Harvard University

Elizabeth Bartholet is the Morris Wasserstein Public Interest Professor of Law and Faculty Director of the Child Advocacy Program at Harvard University. Bartholet’s work is primarily centered around child welfare. She believes that “poverty and social justice are the root causes of most child maltreatment” and that early childhood intervention by social services is needed to prevent abuse. 

Bartholet is a vocal and visceral opponent of home-schooling, describing it as “near-absolute parental power” and “inconsistent” with the human rights of children. In a paper written for the Arizona Law Review, she advocates for an outright ban on homeschooling. Bartholet sees homeschooling as a danger to society, and accuses parents who decide to remove their children from public schools of promoting segregation and misogyny:  

“…parents can now keep their children at home in the name of homeschooling free from any real scrutiny as to whether or how they are educating their children. Many homeschool because they want to isolate their children from ideas and values central to our democracy, determined to keep their children from exposure to views that might enable autonomous choice about their future lives. Many promote racial segregation and female subservience. Many question science. Abusive parents can keep their children at home free from the risk that teachers will report them to child protection services. Some homeschool precisely for this reason.”

Bartholet repeats and expands on her position, claiming that homeschooling may lead to child abuse: 

“Parents can choose to teach that biblical truth trumps all, that all science is false science, that women should be educated to be subservient to men, that people of color are inferior to whites, that people with nontraditional sexual orientations or gender identities should be “cured” or condemned. Parents can choose to put their children to work, notwithstanding child labor laws. Parents can choose to beat their children, starve them, or chain them up…”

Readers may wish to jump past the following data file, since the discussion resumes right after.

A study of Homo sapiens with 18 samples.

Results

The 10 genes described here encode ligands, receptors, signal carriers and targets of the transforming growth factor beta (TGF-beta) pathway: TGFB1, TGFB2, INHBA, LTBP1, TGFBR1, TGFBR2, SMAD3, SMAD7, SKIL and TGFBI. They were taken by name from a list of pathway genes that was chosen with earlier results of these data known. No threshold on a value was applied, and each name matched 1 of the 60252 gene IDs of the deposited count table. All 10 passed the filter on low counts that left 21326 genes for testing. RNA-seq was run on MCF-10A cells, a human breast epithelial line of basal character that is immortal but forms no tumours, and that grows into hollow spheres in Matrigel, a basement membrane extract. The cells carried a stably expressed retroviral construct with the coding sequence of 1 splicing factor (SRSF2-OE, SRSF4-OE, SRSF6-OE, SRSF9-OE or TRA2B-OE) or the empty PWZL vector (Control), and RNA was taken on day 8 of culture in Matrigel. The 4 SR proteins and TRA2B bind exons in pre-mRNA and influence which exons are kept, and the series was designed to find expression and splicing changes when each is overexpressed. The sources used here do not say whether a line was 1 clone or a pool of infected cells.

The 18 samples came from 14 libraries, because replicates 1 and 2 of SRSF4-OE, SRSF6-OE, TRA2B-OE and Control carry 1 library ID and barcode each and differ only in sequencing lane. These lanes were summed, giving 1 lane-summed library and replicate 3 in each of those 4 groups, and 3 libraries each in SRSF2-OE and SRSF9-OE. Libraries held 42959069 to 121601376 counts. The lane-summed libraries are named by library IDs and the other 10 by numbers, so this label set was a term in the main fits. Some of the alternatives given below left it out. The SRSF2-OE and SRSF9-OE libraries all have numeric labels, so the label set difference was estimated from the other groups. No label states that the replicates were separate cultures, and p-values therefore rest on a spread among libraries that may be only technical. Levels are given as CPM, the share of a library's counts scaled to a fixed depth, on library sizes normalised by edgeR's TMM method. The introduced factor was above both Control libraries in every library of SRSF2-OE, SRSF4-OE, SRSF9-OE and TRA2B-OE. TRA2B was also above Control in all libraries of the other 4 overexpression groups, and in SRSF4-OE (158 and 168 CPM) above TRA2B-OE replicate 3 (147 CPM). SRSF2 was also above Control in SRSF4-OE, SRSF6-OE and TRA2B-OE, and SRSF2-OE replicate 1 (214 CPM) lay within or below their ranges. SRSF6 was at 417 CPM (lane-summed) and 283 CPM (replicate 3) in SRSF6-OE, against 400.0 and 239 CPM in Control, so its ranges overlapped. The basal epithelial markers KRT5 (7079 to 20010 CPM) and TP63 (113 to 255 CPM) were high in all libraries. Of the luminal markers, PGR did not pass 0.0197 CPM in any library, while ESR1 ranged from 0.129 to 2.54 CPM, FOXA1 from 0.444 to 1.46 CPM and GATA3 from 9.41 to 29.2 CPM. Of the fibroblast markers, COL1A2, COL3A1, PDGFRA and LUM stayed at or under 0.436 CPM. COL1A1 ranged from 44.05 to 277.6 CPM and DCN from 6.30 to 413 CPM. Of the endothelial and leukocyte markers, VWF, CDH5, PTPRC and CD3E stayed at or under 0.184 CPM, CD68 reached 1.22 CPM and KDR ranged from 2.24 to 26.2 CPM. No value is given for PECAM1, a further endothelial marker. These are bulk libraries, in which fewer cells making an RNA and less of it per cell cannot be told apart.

Bartholet then critiques the inability to enact any legislation due to the “outdated nature of the Constitution, 

“The U.S. Constitution with its negative rights structure is an anomaly, outdated and inadequate by the standards of the rest of the world Negative rights— rights to be free from state intervention—are particularly inadequate for children…The U.S. Constitution’s focus on negative rights represents an older western constitutional tradition, “increasingly out of step with emerging constitutional norms…”

Bartholet’s hostility towards homeschooling appears to stem from the fact that a disproportionate amount of these parents are conservative Christians and not progressives: 

“It is the religious ideologues who dominate the homeschooling movement…Nor is there any other significant advocacy organization designed to represent the views of the highly educated nonreligious homeschoolers, the descendants of the John Holt progressive wing of the homeschooling movement.”

Bartholet had been slated to appear at a Harvard-sponsored summit that was described as an “anti-homeschooling conference.” Titled “Homeschooling Summit: Problems, Politics, and Prospects for Reform,” it has since been postponed after receiving fierce backlash.